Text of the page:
Committee for Children Blog

Students Learn Critical Life Skills

students working on laptops

When Chicago Public Schools faced the closure of 49 schools, district leaders turned to the Second Step® family of social-emotional learning (SEL) programs to help students manage strong emotions, build resilience, and maintain positive relationships through a time of significant change.

In these short videos, leaders from Chicago Public Schools share their experiences with Second Step programs.  

Why choose Second Step programs?

Chicago Public Schools chose the Second Step family of programs because of its robust curriculum, ease of use, and recommendations from leading SEL organizations like the Collaborative for Academic, Social, and Emotional Learning (CASEL). “The scenarios are relatable for all age groups, and streaming lesson media allows educators to use smart technology in the classroom for seamless instruction,” says Adam King, the district’s elementary school SEL support manager.

What skills and concepts do students learn through the programs?

“Students learn how to be part of a community, from developing self-management and building relationship skills to learning how to disagree respectfully and advocate for themselves in the face of conflict,” SEL specialist Lorena Arevalo says. Second Step programs also introduce the idea that intense emotions can make it difficult to recognize other peoples’ feelings and offer tools to help, like reading body language.

How do Second Step programs affect school climate?

“The programs can make a strong impact on culture, helping school become a place where students feel safe to learn and educators feel ready to teach,” says Dr. Sara Hass, principal at Brighton Park Elementary. Sharing a common social-emotional language in a school community can help students feel more comfortable expressing their needs, and using the Second Step family of programs schoolwide shows students that they’re supported by the adults around them.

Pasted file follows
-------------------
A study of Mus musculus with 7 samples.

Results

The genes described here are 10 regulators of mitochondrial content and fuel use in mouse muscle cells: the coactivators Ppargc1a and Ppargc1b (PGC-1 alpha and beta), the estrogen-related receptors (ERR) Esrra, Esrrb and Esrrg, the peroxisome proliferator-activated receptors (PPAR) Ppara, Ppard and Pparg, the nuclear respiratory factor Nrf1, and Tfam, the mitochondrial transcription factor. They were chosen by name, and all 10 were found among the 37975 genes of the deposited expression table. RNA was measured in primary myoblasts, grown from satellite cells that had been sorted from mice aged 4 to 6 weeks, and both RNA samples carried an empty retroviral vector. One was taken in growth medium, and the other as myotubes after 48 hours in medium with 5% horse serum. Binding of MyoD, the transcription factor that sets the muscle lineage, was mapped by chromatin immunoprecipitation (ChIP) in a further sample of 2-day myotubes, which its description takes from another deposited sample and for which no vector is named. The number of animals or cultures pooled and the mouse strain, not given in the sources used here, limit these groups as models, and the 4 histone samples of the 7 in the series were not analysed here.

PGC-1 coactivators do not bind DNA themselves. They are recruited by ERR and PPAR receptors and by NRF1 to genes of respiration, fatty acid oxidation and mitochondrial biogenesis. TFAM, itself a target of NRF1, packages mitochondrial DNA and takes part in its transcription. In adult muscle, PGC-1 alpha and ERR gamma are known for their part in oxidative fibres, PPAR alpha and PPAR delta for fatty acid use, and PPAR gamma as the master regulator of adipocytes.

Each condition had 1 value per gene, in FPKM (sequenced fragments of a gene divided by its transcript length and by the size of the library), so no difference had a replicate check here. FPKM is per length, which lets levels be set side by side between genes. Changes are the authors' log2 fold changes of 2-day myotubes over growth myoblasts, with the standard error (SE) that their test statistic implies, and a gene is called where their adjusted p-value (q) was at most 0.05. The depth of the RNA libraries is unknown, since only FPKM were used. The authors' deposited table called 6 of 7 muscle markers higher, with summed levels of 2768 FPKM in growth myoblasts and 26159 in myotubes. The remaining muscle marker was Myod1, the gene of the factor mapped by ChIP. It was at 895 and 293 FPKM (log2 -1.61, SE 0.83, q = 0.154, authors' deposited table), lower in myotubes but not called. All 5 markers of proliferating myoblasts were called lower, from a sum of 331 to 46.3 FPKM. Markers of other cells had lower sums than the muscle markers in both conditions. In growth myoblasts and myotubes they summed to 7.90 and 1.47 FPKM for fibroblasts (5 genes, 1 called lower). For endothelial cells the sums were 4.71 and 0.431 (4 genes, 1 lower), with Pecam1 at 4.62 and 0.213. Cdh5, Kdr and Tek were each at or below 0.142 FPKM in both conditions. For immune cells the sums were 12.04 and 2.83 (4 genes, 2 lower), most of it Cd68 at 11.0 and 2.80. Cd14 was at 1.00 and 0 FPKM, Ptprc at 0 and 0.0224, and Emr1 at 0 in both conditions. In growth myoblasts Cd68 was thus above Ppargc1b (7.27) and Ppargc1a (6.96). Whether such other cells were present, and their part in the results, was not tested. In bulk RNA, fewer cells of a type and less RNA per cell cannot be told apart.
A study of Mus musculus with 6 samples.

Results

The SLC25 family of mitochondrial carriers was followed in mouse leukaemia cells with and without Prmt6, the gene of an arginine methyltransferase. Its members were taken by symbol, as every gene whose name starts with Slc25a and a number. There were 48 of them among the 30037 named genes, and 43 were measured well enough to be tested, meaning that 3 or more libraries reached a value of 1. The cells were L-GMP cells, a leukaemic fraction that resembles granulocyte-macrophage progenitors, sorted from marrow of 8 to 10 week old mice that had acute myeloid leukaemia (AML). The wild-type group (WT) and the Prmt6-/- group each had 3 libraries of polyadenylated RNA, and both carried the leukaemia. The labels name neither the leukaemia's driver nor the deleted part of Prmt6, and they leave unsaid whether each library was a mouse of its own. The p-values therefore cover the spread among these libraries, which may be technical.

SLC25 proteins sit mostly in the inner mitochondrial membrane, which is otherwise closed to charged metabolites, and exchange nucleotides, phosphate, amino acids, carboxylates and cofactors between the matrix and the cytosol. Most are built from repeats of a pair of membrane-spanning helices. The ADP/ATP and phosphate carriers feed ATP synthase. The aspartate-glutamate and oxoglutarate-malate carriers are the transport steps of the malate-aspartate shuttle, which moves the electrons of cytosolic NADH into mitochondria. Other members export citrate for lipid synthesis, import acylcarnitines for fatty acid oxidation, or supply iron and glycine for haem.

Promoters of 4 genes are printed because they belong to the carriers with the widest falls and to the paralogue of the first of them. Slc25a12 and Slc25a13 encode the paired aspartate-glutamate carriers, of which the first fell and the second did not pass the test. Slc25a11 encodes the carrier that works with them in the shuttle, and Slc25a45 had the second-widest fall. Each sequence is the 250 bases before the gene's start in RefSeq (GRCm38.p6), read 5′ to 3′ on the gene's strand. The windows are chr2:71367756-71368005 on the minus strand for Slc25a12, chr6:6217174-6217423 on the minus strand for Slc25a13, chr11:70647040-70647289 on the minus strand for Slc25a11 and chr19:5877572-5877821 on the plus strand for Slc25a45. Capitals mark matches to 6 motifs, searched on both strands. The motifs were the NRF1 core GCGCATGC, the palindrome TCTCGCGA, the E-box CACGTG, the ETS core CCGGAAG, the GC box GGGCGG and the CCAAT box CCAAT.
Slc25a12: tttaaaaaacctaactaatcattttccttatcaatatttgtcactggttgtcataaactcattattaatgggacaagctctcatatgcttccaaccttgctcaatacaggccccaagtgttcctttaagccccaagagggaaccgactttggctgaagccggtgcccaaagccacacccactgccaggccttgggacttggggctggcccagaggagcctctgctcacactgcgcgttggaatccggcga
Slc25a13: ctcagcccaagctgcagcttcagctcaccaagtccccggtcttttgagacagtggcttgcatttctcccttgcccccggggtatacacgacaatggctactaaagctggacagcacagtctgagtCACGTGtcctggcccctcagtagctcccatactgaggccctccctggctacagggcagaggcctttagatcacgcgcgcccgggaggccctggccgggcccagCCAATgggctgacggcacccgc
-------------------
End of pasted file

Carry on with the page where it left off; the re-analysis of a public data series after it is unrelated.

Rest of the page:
How can Second Step programs make a positive impact on the school journey?

When students are able to manage their stress and emotions and feel like they belong, they’re more likely to come to school ready to focus on learning. “Providing students with language and skills in areas like regulating emotion and resolving conflict early on is crucial,” says Arevalo. “When children learn these skills at a younger age, they’re better equipped to handle challenges as they progress through their school journey.”      

How do the Second Step® Bullying Prevention Unit and Second Step® Child Protection Unit enhance student learning?

The Second Step Bullying Prevention Unit helps students recognize bullying behavior and teaches them how to be effective upstanders who can help stop bullying. The Second Step Child Protection Unit creates space for conversations around sexual abuse and gives students and educators language to have those discussions. “Both units serve as a reminder to students that their school community can be a support system,” says Nancy Fernandez, a counselor at Brighton Park Elementary. “Students can be more academically successful after getting the help they need.”

How can Second Step programs positively impact families and communities?

Using an SEL program in school can empower students to bring those skills and concepts home, and when families get involved, these lessons are further reinforced. “If SEL were implemented with fidelity across the country it would have a positive impact on generations to come, and we would see more inclusiveness and compassion,” Arevalo says.